A post from my old Marvel blog talking a little bit about covers
So let’s talk about covers a little bit.
It used to be, back when comic books were sold exclusively on the newsstand, that the cover was what sold the magazine. That’s why so much attention and effort was spent on the cover image. There was no advertising, no promotion, no Wizard magazine or Previews catalog or Newsarama to let people know what was coming out months in advance. In fact, other than if it might have been mentioned on the Bullpen Bulletins page, or shown in a house ad, you didn’t have any idea that a new book was coming until it arrived. So the cover was a crucial component in making your title sell.
We still put crazy amounts of effort into our covers–but one of the unspoken truths of the industry at this point is that the cover is no longer responsible for selling the magazine, and may in fact have a negligible effect on the total sales. Sure, a really good cover may be able to hook a few extra people into picking up the book off the racks, assuming it’s there for them to find, but the whole mechanism of our distribution and retail system makes the cover close to superfluous. Retailers order their books months in advance from the Previews catalog, as do a great deal of the customer base through pull lists. And once you get outside the big coastal cities especially, the amount of display space a given shop has is relatively minuscule. I don’t know what proportion of the average shop’s books are sold off the rack as opposed to through pull list subscriptions and advance orders, but I’d hazard a conservative guess that it’s probably half.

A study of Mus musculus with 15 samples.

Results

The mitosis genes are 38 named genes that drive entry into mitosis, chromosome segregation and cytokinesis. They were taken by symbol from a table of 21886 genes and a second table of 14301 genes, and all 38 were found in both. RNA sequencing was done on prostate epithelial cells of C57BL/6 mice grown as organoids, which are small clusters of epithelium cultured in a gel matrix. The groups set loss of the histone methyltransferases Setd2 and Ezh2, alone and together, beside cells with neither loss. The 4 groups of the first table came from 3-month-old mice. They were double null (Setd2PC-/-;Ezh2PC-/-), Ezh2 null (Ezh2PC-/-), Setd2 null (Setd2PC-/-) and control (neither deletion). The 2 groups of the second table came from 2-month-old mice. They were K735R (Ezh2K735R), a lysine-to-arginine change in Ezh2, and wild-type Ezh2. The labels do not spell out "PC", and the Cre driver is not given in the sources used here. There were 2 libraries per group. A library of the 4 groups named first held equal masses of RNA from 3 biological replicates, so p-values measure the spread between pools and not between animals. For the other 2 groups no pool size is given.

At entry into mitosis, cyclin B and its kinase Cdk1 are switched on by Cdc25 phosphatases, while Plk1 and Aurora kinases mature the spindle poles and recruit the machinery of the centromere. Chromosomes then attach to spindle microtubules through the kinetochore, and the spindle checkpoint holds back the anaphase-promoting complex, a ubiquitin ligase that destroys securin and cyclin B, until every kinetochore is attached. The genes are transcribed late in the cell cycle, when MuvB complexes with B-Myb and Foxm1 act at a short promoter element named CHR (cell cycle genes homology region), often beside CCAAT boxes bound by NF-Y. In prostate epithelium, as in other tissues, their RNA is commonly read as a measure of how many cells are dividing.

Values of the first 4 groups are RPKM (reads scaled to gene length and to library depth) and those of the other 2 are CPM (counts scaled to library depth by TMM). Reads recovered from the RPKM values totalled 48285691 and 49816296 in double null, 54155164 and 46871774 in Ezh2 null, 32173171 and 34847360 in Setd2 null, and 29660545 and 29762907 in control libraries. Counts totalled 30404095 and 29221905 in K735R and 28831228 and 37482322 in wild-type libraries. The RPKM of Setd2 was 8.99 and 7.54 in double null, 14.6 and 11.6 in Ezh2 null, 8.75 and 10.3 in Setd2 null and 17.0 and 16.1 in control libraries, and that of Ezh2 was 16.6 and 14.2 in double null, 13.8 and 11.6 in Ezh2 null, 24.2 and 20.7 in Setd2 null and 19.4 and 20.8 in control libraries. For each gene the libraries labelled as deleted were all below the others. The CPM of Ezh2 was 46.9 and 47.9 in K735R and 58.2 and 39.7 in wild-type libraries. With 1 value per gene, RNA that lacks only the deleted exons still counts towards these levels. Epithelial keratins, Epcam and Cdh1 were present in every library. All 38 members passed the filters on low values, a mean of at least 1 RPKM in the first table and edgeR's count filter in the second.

There was a time not so long ago when it was Marvel policy that every cover should have a single iconic figure, and no direct relevance to the story in that given issue. And fans far and wide screamed about it–yet it did nothing to hurt sales overall. And now that we’ve returned to mixing up the cover approach, it hasn’t materially affected sales either. I regularly hear from a small group of people who don’t like the mostly-iconic covers we’ve been running on NEW AVENGERS, but those covers clearly have not been hurting the sales on that book–and the more story-driven covers on, say, THING didn’t materially increase the sales on that book.
The place where cover art can help or hurt your book’s sales these days is really the Previews catalog, the tool that retailers and readers use to advance order their books. So it’s not like the cover art is irrelevant or anything. But even within that venue, just having a strong image isn’t enough in most cases to sell the magazine–other factors such as story content, creative team, relevance to the larger Marvel Universe, and the amount of coverage given seem to be more important elements in making a decision for most retailers and fans. I’d hazard a guess that, were we to solicit a new ULTIMATE project with, let’s say, Brian Bendis writing and Greg Land penciling, but we didn’t show any image at all, it would still be ordered quite well–retailers would be very upset with us, because they hate having to take a position on any title without the maximum amount of information they can get, but I expect that most of them would weigh the factors they did have–especially if the story content promised important elements for the ULTIMATE line–and would order accordingly.
So, does the cover matter anymore? Well, everything matters. It’s just a question of degree. And at this point, the cover no longer has to shoulder the promotional weight that it once did–so it matters perhaps a little less than it once did.